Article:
Levi then predicts the nation will wander for 70 weeks and profane the priesthood and sanctuary:
Testament of Levi 16.1-5 “Now I have come to know that for seventy weeks you shall wander astray and profane the priesthood and defile the sacrificial altars. You shall set aside the Law and nullify the words of the prophets by your wicked perversity. You persecute just men: and you hate the pious; the word of the faithful you regard with revulsion. A man who by the power of the Most High renews the Law you name ‘Deceiver,’ and finally you shall plot to kill him, not discerning his eminence; by your wickedness you take innocent blood on your heads. I tell you, on account of him your holy places shall be razed to the ground. You shall have no place that is clean, but you will be as a curse and a dispersion among the nations until he will again have regard for you, and will take you back in compassion.
This is probably based on Daniel’s prophecy of a period of “seventy weeks of years” before the consummation of God’s plan (Dan 9). At the end of the seventy weeks a man will come from the power of the most high, but the nation will call him a deceiver and plot to kill him (16:3) and the city will be razed as a result. The people will be a curse and dispersed among the nations (16:5). This section may shed light on reactions to the ministry of Jesus. For example, in Matthew 12 the Pharisees claim that Jesus does miracles by the power of Beelzebub and in Matthew 26:63 the Jews call Jesus a “deceiver.”
Christian elements aside, this text seems to be calculating the 70 weeks of Daniel as “complete” in the near future of the writer. This would imply that at least some Jews living near the turn of the eras were looking forward to the end of the prophecy of Daniel and the establishment of some sort of Jewish independence. The difficulty for the Jew living in 100 B.C. is knowing when to start the “count” of Daniel’s 70 “sevens.” Modern history makes it is bit more easy to rough out potential beginnings and endings, in the first century the period of the exile and Persian period are not well documented. There is no real evidence that Jews in the first century knew precisely how long ago Daniel’s prophecy would have been made.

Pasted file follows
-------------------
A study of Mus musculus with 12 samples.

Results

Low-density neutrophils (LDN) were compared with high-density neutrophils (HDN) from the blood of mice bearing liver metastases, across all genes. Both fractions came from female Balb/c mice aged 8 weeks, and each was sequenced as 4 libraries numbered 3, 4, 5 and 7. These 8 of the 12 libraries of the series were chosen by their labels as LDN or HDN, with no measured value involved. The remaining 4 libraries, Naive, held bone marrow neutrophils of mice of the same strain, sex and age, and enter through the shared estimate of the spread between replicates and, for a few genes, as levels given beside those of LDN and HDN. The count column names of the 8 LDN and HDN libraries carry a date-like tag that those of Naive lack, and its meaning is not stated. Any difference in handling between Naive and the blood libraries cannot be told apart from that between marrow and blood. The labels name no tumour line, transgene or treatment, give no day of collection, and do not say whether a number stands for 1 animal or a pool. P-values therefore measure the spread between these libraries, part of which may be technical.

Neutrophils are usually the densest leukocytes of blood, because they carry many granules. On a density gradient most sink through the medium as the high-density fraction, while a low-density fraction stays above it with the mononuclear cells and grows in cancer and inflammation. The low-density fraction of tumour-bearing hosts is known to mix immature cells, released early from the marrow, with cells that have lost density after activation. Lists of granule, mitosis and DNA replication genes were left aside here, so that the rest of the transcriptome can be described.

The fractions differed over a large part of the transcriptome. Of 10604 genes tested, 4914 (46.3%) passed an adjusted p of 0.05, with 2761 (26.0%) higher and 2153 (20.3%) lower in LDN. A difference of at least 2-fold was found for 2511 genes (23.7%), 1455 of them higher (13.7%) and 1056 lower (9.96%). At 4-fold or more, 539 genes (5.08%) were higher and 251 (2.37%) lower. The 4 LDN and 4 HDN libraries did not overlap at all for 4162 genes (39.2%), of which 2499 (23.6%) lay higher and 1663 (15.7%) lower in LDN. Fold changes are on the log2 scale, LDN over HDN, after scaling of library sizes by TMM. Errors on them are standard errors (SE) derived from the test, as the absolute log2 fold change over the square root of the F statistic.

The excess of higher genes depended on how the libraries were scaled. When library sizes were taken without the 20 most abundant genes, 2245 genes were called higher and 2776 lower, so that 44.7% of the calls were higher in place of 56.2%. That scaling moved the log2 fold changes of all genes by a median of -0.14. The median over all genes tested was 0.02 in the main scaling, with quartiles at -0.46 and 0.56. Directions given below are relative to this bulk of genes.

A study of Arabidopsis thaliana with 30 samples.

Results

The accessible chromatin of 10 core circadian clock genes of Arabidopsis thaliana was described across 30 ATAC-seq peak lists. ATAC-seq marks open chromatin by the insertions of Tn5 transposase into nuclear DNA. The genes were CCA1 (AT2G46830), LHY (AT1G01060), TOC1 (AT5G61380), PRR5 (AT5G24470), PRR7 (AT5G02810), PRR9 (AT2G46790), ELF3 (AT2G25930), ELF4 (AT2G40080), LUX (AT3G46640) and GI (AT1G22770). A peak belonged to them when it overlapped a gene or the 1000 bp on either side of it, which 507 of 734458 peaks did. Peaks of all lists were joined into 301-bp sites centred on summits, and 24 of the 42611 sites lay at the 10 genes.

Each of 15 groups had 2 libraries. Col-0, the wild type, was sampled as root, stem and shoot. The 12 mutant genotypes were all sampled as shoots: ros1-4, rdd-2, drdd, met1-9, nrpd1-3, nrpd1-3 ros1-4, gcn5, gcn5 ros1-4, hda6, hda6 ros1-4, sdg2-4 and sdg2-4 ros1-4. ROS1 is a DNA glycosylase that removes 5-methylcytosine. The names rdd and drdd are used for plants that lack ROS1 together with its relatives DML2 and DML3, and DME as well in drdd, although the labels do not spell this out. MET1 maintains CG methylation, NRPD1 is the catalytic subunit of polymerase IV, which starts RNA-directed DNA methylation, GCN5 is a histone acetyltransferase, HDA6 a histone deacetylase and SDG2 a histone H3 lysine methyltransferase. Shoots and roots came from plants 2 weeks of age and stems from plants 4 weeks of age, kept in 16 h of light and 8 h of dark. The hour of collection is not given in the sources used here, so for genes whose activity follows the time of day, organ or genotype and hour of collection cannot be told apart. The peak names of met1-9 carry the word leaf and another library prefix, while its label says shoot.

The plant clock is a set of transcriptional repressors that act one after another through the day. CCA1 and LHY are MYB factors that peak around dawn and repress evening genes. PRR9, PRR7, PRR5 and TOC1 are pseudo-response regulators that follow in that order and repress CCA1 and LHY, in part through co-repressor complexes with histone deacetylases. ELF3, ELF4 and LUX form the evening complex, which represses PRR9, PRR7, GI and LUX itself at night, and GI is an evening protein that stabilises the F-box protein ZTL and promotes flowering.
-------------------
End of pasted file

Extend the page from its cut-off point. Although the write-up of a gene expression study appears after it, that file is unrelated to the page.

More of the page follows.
During seventy weeks there will be several Jubilees. During the second, “Anointed One shall be conceived in sorrow of the beloved one, and his priesthood shall be prized and shall be glorified by all” (17.2). After the series of Jubilees, the priesthood will lapse and the Lord will raise up a new priest who will “effect the judgment of truth over the earth for many days” (18.2) during which time the heavens will open and the glory of the Most High will be upon him (18.6-7). During this priest’s rule there is ill be peace and prosperity throughout the whole earth (18.5). The priesthood will once again be pure (18.9). The gates of paradise will be re-opened people will be permitted to eat from the tree of life (18.10). During this time Beliar will be bound and the sons of the new priest will have authority to trample wicked spirits (18.12).
This is much in this description that sounds too close to Christian apocalypses, especially Revelation. When Jesus returns he will bind Satan (Rev 20:1) and there will be a long period of peace and prosperity, described with many images drawn from the Garden of Eden. Revelation 22:14 the “one who is coming soon” grants those who have washed their robes the right to eat from the Tree of Life (c.f., Rev 2:7). For this reason most scholars suspect an earlier Jewish Testament of Levi was edited by the Christians who preserved this literature. Kugler provides a chart comparing the Testament of Levi with the Aramaic Levi found at Qumran (49-50).
Even if these are Christian interpolations, there is some warrant for pre-Christian Messianism in the Testament of Levi. Why would Christians insert this kind of messianic material into the book? If other Testaments were preserved for their ethical content, why are they not heavily edited with apocalyptic material? As Kugler says, “We cannot be certain that an earlier Jewish version of the chapter proposed two messiahs or a single messiah with priestly and royal characteristics” (52), but there seems to have been some messianic content for a later Christian to expand.